The Witch in the Mirror – Part 12

The forest clearing was silent except for the distant murmuring of a brook. The night was bright for it was a full moon. Snow still lay in white heaps around the clearing but most of it had melted under the early spring sunshine over the past few days.

A rabbit paused in the clearing and twitched its nose. It seemed to be testing the air, but as there was no scent of danger it crouched and began nibbling the fresh grass shoots. Soon it was joined by another rabbit. An owl hooted in the distance as one of the rabbits sat up and twitched its nose again, its furry ears twisting to catch the distant sound. A twig cracked beyond the clearing and both rabbits quickly scurried away from their burrow.

A few moments later a human figure appeared in the clearing. The figure was wrapped in a dark cloak with a deep hood covering the head. A flash of purple velvet flecked with gold sparkled in the moonlight for a moment before the figure moved into the shadows. A careful observer might have caught a glimpse of a feminine face for a moment as she looked up at the moon before quickly lowering her head and letting the hood fall back over her face.

The woman held a bundle in her arms wrapped in an old shawl. She knelt to the ground and placed the bundle gently on the grass. A dainty gloved hand reached inside the cloak and withdrew a leather purse. With great deliberation she undid the string and placed the purse on the ground beside the bundle. She quickly looked around the clearing to check that she was still alone before pushing the hood back from her head. A long plait of silver hair fell from the hood and almost reached to her waist as she kneeled in the grass. She removed a glove and took a handful of herbs from the purse which she then spread in a circle around the bundle.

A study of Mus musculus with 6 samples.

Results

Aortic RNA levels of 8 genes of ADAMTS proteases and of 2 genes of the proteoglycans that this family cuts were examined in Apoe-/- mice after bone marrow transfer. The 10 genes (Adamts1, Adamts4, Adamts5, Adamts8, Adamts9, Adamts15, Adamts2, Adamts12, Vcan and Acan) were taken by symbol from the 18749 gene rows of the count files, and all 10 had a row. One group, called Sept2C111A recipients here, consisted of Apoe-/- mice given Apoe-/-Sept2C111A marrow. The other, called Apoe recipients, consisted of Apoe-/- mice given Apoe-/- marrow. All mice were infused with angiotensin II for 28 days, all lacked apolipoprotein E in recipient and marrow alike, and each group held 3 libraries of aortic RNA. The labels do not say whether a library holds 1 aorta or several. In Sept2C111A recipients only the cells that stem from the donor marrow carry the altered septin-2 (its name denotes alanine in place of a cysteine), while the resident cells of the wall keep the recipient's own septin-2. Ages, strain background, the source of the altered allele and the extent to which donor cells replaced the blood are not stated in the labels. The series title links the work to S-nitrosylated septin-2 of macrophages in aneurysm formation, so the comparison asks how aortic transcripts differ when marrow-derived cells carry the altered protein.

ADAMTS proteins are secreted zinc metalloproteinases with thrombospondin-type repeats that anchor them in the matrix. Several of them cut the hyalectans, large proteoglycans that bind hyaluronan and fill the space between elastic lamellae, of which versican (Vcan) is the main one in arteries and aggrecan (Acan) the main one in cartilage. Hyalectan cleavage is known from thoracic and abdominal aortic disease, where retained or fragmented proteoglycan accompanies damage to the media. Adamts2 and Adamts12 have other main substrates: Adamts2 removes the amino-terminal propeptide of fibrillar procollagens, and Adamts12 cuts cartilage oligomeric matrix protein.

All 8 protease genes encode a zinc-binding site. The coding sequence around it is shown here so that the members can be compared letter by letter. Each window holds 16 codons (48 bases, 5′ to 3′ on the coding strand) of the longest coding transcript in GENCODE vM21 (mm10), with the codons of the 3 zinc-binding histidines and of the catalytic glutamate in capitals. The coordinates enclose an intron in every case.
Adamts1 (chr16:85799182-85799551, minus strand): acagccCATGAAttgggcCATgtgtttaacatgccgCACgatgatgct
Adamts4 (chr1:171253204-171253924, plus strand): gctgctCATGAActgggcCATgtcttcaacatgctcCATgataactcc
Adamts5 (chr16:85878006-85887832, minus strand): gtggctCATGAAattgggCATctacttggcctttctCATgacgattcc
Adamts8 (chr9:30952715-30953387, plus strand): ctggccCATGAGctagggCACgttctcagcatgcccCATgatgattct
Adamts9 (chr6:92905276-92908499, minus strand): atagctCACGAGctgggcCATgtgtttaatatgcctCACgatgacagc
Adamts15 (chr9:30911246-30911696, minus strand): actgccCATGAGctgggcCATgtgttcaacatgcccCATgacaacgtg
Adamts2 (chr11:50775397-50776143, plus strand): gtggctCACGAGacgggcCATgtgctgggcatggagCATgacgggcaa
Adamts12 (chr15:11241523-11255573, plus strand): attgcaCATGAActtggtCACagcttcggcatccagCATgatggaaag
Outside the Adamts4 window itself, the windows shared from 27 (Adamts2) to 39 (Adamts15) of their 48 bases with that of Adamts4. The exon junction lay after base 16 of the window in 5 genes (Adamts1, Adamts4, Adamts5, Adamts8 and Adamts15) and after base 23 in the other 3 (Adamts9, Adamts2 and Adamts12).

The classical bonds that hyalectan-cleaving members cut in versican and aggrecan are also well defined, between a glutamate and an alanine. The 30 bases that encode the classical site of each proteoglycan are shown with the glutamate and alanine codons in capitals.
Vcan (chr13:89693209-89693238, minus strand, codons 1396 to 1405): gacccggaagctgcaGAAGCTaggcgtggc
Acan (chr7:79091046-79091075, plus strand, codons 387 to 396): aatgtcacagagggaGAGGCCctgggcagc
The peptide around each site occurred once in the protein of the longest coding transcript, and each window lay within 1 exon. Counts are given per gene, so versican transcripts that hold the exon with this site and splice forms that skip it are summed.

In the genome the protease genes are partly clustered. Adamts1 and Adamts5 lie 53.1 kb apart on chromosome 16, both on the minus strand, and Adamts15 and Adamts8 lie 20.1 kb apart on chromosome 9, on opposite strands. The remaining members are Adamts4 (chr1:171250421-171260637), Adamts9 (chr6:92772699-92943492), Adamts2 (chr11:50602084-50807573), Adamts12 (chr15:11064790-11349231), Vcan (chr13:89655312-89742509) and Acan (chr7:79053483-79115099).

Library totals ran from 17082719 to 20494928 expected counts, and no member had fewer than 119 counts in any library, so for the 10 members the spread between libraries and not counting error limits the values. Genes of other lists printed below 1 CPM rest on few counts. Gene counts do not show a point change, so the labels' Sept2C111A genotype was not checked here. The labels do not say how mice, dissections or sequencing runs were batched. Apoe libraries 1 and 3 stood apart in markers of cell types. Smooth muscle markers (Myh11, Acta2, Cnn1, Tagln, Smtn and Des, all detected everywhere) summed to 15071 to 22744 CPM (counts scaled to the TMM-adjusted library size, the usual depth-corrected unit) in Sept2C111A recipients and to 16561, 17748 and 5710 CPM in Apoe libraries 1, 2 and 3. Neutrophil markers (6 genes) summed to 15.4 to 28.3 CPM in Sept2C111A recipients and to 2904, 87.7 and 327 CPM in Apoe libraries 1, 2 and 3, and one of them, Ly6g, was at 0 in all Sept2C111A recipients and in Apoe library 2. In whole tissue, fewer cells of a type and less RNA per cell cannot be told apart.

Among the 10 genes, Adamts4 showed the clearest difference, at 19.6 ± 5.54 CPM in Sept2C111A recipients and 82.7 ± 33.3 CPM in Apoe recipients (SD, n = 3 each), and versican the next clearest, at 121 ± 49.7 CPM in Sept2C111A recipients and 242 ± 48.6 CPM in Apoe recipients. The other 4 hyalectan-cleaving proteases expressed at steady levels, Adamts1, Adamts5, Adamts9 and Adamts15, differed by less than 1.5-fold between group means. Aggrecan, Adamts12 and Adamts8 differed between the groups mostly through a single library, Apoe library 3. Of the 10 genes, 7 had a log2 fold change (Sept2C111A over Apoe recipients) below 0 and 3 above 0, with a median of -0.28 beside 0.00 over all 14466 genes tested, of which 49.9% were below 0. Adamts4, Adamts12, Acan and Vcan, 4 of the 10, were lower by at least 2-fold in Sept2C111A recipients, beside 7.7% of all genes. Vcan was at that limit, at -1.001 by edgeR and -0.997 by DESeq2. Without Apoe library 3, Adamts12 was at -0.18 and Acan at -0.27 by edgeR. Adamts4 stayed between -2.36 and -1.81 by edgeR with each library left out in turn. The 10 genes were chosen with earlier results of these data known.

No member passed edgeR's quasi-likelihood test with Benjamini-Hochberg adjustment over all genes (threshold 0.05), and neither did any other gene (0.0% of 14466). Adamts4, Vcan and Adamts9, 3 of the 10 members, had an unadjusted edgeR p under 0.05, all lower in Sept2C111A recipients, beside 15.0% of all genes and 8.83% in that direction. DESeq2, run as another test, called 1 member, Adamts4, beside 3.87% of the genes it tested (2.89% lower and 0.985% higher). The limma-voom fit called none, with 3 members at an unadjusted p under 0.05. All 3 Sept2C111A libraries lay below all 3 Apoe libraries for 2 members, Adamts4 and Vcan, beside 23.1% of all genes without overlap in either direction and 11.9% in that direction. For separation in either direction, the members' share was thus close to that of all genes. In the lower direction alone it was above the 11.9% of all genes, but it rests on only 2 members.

She raised her hands to the moon and began praying to the goddess. A beam of moonlight fell into the circle. The baby opened her eyes and began crying.

‘Hush, little one,’ the woman cooed softly. The baby quieted and looked steadily into the woman’s face. ‘When the time is right, my little dove, the goddess will return you to us. Until then I must protect you from the king. He must never find you or we are all doomed.’

The woman lifted her face to the moon and began praying to the goddess again. The herbs began to smoke before briefly catching fire, then turning to ash.

‘Blessed be the goddess. May she watch over and protect you.’

She stood with the baby in her arms and looked over her shoulder as she was joined by an older woman wearing a worn dress. The shawl around her shoulders suggested she was a peasant from the village.

‘We must hurry,’ the older woman said. ‘I must return before I am missed. Bryn will soon be home and wanting his supper.’

She gently took the bundle in her arms.

‘Hello, precious one.’

‘Her name is Ailis.’

The silver haired woman bent and kissed the child’s forehead.

‘Take good care of her. You will be contacted when it is time.’

She pulled the hood back over her head and wrapped the purple cloak tightly around her body before melting back into the darkness.

The blacksmith’s wife kicked dirt over the circle of ashes before returning to the path that led back to the village.

The full moon shone one last time, sparkling off the crescent pendant hanging around the baby’s neck, before it disappeared behind dark clouds.